Wednesday marked a somber anniversary: It's been 100 days since brothers Orson and Orrin West were reported missing by their adoptive parents in California City.
"It's been 100 days and it's been too long," said Rosanna Wills, a cousin of Orson, who was born as Classic.
She and other supporters held a vigil to mark the tragic anniversary outside Casa Loma Apartments in southeast Bakersfield and implored whoever knows something regarding the case to come forward.
"We're praying," she said. "We want justice. We want closure."
She noted that reward money leading to any information that might unravel the case has ticked up to $125,000. But despite the money and passage of time, the public knows little more than it did in the days after the boys' reported disappearance.
Adoptive father Trezell West told media that Orson, 3, and Orrin, 4, wandered away late in the afternoon on Dec. 21 while playing with sidewalk chalk in the backyard. Trezell said his wife, Jacqueline West, was inside wrapping Christmas presents and he was gathering wood in a nearby field when he lost track of the boys.
Over the last few months, the young boys' baffling disappearance has spurred search parties in the sprawling eastern Kern city and Bakersfield where the boys previously lived with their adoptive parents. Their biological family is also from Bakersfield.
Destiny Grandson, a friend of Wills, pointed out the field across the street from the Casa Loma Apartments. She said that was one of the first places where a search was held for the boys. She described the feeling of dread that came from the possibility that the search party may stumble on a crime scene.
"You want to find them, but you also don't want to find them," she said.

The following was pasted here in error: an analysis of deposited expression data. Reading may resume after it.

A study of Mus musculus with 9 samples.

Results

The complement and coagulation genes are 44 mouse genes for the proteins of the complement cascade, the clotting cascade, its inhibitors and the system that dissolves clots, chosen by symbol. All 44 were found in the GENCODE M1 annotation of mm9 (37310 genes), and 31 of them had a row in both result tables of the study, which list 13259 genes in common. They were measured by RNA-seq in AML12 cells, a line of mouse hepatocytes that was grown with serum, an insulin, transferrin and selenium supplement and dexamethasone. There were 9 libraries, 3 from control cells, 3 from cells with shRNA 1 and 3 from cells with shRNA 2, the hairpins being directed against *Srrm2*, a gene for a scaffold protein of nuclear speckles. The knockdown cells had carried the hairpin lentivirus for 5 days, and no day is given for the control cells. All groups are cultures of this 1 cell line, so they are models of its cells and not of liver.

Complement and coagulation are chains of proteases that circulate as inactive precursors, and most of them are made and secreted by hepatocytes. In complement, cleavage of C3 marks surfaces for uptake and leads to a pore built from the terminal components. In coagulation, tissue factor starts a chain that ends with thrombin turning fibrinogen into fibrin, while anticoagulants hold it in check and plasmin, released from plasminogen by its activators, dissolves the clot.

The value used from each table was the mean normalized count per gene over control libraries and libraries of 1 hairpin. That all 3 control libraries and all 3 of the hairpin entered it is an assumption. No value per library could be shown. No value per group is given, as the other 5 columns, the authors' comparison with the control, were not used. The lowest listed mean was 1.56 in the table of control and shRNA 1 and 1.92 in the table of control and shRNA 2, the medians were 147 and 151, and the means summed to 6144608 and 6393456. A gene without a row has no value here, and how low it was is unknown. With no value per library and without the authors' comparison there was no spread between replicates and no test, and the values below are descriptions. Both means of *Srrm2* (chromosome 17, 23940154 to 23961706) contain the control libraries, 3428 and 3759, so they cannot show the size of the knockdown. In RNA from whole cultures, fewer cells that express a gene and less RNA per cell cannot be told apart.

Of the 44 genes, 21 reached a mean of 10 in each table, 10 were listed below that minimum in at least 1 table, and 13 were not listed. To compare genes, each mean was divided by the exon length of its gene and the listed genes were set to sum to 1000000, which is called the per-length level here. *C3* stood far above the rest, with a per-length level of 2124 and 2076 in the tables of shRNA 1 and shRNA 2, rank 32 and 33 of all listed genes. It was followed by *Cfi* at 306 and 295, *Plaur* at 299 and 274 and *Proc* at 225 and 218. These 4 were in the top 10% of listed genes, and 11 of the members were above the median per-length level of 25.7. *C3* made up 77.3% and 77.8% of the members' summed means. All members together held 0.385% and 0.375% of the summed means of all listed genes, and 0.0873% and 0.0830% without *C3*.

Grandson said they chose the Casa Loma Apartments because the adoptive family had stayed there prior to moving to California City.
There have been only a few updates on the case, including a few searches, since the Bakersfield Police Department announced it was taking the lead on March 1. No suspects have been named during the investigation.
That frustrated some supporters present at the vigil. One supporter, Keisha Stevenson, is shocked that there are still not up-to-date photos of the boys available to circulate 100 days later.
But Wills said she is hopeful law enforcement is building its case.
Earlier this week, Mayor Karen Goh released a video assuring the public that the trail had not gone cold. She said the case was a priority for law enforcement, and that investigators were being tight-lipped to protect the integrity of the investigation.
Sgt. Robert Pair, spokesperson for the Bakersfield Police Department, confirmed that in an email.
"The case is open and ongoing," he wrote. "We are still aggressively pursuing leads and tips and will continue to do so until the facts of the disappearance are known."
The Bakersfield Police Department is working with the FBI, Kern County District Attorney and California City Police Department, which had originally been the lead on the investigation. The case was transferred to Bakersfield, from which the adoptive parents had recently moved.
The case has attracted heavy speculation and attention internationally. Even outspoken legal commentator Nancy Grace discussed the case on her podcast "Crime Stories."
A little over a week out from the day the boys were reported missing, California City Police Chief Jon Walker said he believed there was foul play in the boys' disappearance. He said that neighbors had not reported seeing the boys at the Wests' home, and that dogs could not track the boys' scent outside the home. The Wests' four other children were taken into custody.
California City Mayor Jeanie O'Laughlin said she hasn't been kept in the loop about any updates on the case.
"It seemed like right from the get-go those kids were never in California City," she said.
Anyone with information is asked to contact Kern Secret Witness at (661) 322-4040 or the Bakersfield Police Department at (661) 327-7111.